NHS use of patient experience data is growing but imperfect
A new NIHR report shows that while there is growing interest within the NHS for collecting wide-ranging patient experience data, attempts to do so can be disjointed with patient views often overlooked. The report – “Improving care by using patient feedback” – is a thematic review of nine NIHR-funded research studies on the uses and usefulness of patient experience data in the NHS.
With healthcare increasingly understood as an experience as well as an outcome, and experience feedback seen as a vital element in holding NHS services to account, there are many different reasons for taking and analysing feedback data. Large amounts of patient feedback are currently collected across the NHS, particularly from surveys and the NHS Friends and Family Test. Data is most often used for performance assessment and benchmarking in line with regulatory body requirements, making comparisons with other healthcare providers, or assessing progress over time.
However, the report cautions that less attention is paid to other sources of feedback. Unsolicited feedback, such as that received online or given face-to-face, is often not acted upon, either because it goes unnoticed or there are no systems in place for meaningful evaluation and dissemination. As a result, the report concludes, there are gaps in providers’ capacity to analyse and use what could be rich front-line insight – known as “soft intelligence”.
The research featured in the report – which draws on evidence taken from patients, practitioners, and policy makers in hospitals, general practices and mental health settings – highlights that patients are often motivated to give praise, or to be constructively critical and suggest improvements to help the NHS. But the focus of healthcare providers can often be on complaints and concerns, meaning they unwittingly disregard useful feedback.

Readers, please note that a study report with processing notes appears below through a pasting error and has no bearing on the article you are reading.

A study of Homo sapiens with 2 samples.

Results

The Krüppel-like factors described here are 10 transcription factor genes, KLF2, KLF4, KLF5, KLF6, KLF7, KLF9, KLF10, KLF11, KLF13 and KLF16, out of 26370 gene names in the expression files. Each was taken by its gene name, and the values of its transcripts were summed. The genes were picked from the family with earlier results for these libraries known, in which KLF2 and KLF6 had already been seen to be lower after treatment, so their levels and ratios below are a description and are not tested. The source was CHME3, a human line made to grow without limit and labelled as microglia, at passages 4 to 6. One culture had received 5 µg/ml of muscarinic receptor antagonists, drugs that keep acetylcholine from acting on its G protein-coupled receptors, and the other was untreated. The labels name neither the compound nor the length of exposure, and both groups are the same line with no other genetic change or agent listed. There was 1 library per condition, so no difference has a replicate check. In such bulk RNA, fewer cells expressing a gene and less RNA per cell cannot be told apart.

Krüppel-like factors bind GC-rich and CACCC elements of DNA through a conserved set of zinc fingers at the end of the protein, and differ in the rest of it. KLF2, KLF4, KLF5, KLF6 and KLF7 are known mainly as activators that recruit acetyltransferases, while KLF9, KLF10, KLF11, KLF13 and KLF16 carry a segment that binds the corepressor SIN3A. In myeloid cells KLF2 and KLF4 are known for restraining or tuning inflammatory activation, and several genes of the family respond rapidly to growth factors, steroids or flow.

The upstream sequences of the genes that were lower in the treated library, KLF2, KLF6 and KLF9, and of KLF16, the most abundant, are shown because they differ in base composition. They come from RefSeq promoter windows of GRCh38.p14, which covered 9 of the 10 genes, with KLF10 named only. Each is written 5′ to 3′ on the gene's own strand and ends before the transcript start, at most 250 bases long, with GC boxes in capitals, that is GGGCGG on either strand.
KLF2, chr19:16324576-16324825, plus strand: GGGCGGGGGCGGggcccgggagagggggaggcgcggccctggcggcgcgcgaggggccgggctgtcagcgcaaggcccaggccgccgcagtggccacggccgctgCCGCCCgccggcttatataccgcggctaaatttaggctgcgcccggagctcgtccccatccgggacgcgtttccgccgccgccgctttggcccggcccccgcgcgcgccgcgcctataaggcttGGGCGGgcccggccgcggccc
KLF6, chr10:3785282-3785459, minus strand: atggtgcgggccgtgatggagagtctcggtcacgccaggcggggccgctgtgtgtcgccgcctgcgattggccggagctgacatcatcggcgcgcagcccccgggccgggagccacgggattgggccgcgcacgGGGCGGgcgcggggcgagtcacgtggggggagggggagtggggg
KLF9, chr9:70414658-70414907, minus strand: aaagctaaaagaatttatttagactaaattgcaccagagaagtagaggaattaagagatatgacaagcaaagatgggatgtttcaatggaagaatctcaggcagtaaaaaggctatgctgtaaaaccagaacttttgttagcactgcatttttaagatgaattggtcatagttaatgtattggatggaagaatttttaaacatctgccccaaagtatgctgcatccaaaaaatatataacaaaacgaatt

These challenges can be overcome, says the report. While the monitoring of performance and compliance needs to conform to measures of reliability and validity, not all patient experience data needs to be numerical and representative – there can still be value in qualitative and unrepresentative intelligence to provide information on specific issues and to highlight ad hoc opportunities for improvement. Further, organisations should learn from positive as well as negative feedback, and collect, collate and analyse feedback in ways that remain recognisable to the people who provide it whilst offering staff actionable findings.
Study author Dr Elaine Maxwell, clinical adviser to the NIHR, said: “Our studies found that more effort has been spent on collecting data, with less attention to how it can be used to improve services. Findings included the need to integrate patient experience data and activity with other quality improvement work in trusts.
“Research also shows the importance of positive feedback and how online and unsolicited responses can be used alongside survey data to make a difference.”